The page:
December 18th, 2023

Weekly newspapers went to print before the EU summit at which the Hungarian government didn’t oppose the decision to start EU accession talks with Ukraine, while vetoing €50 billion in aid to Ukraine over the next four years. But there is much comment in general terms on Hungary’s attitude towards EU enlargement and Ukraine.

In his Magyar Hang editorial, Szabolcs Szerető finds it risky for Hungary to regularly confront practically all other EU member countries on important policy issues, including Ukraine’s accession. He writes that Hungary’s Prime Minister is now considered a firebrand who disrupts the unity of the block and sometimes even a representative of Russian interests.

In Heti Világgazdaság, Ilona Jakus accuses the Prime Minister of running amok by opposing closer links between the European Union and Ukraine. She fears that Mr Orbán may strike a painful blow to the Zelensky leadership by opposing financial and military aid to Ukraine. All the more so, since she believes that the fate of the war in Ukraine will be decided on the political level, by the outcome of presidential elections in Ukraine and Russia as well as the United States.

In Élet és Irodalom, János Széky rejects two arguments the government has brought up against supporting Ukraine and integrating it into the European Union. He doesn’t believe that either the fate of the Hungarian minority in Ukraine or widespread corruption there are the real reasons behind the official Hungarian stance. The real reason, he suspects, is that Hungary is playing the role of the Kremlin’s Trojan horse in Europe.

In a Jelen analysis written days before the Brussels summit, Zoltán Lakner predicted that Prime Minister Orbán would strike a compromise by staunchly opposing the start of accession negotiations but agreeing to the €50 billion aid to Ukraine in exchange for the €10 billion the European commission was to unblock in payments due to Hungary. (In fact, the exact reverse happened at the summit. See BudaPost, December 16.)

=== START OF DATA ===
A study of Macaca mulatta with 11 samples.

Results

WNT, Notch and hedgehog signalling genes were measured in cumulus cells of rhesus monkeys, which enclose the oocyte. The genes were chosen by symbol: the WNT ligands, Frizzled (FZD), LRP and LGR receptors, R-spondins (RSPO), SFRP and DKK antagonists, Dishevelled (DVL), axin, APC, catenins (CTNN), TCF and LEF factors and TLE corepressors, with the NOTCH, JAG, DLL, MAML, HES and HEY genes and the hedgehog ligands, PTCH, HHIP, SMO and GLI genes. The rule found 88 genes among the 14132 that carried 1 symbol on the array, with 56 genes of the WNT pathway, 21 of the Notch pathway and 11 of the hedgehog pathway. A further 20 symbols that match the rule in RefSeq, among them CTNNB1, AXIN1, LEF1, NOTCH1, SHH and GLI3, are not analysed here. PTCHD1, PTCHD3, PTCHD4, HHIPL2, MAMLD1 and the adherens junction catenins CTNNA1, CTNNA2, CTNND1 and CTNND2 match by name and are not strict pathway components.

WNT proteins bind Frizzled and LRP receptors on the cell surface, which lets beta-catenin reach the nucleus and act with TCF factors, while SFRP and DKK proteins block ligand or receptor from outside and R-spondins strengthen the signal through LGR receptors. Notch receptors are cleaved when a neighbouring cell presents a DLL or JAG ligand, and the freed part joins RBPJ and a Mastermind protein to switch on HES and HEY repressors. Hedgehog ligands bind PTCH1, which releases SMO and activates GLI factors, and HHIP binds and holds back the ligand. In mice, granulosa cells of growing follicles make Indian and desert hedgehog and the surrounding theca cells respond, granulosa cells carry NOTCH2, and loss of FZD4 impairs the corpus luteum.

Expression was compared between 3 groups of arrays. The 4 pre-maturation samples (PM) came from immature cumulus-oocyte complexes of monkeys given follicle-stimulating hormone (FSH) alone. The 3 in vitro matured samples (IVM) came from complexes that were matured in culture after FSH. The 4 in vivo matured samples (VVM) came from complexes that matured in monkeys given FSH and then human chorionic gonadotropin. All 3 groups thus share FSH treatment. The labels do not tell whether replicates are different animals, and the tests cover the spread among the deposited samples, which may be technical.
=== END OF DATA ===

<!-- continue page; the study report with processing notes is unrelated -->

In its first-page editorial, Magyar Narancs thinks that by opposing rapprochement between Ukraine and the European Union, Prime Minister Orbán is doing a favour both to Western powers and Russia which opposes Ukraine’s integration into the West. Despite all the lip service to Ukraine, the editors write, leading Western powers, first of all Germany, are not enthusiastic about incorporating Ukraine into the European Union because they would be the ones that would have to pay the heavy bill this would entail.

On the pro-government side, Mariann Őry also doubts in her Demokrata column if all Union member countries are as eager to welcome Ukraine among them as they claim. Starting accession negotiations, she explains, is a political gesture rather than anything else. She predicts that as soon as Ukraine’s membership will really be put on the agenda, there will certainly be European leaders who will block the process.

In his regular Mandiner column, Tibor Navracsics – the newly appointed Minister for Public administration and regional development, who is also in charge of the talks with the European Commission on releasing funds destined to Hungary but suspended over rule-of-law concerns – finds it inconsistent of the European Union to consider Ukraine’s accession as something to be achieved in the near future. This is all the more bizarre, he writes, since further enlargement has been a virtual taboo for the past 10 years in Brussels. Serbia, for instance has been waiting for a positive reply from the Union for the past almost 14 years. Mr Navracsics finds it controversial of European Commission president Ursula von der Leyen to say that Ukraine has fulfilled 90% of the reforms necessary to fulfil the conditions of membership. He also warns that not everyone in Europe dreams of the kind of large European Union envisaged by her. In a referendum held seven years ago, for instance, 61% of Dutch voters even opposed a free trade agreement with Ukraine.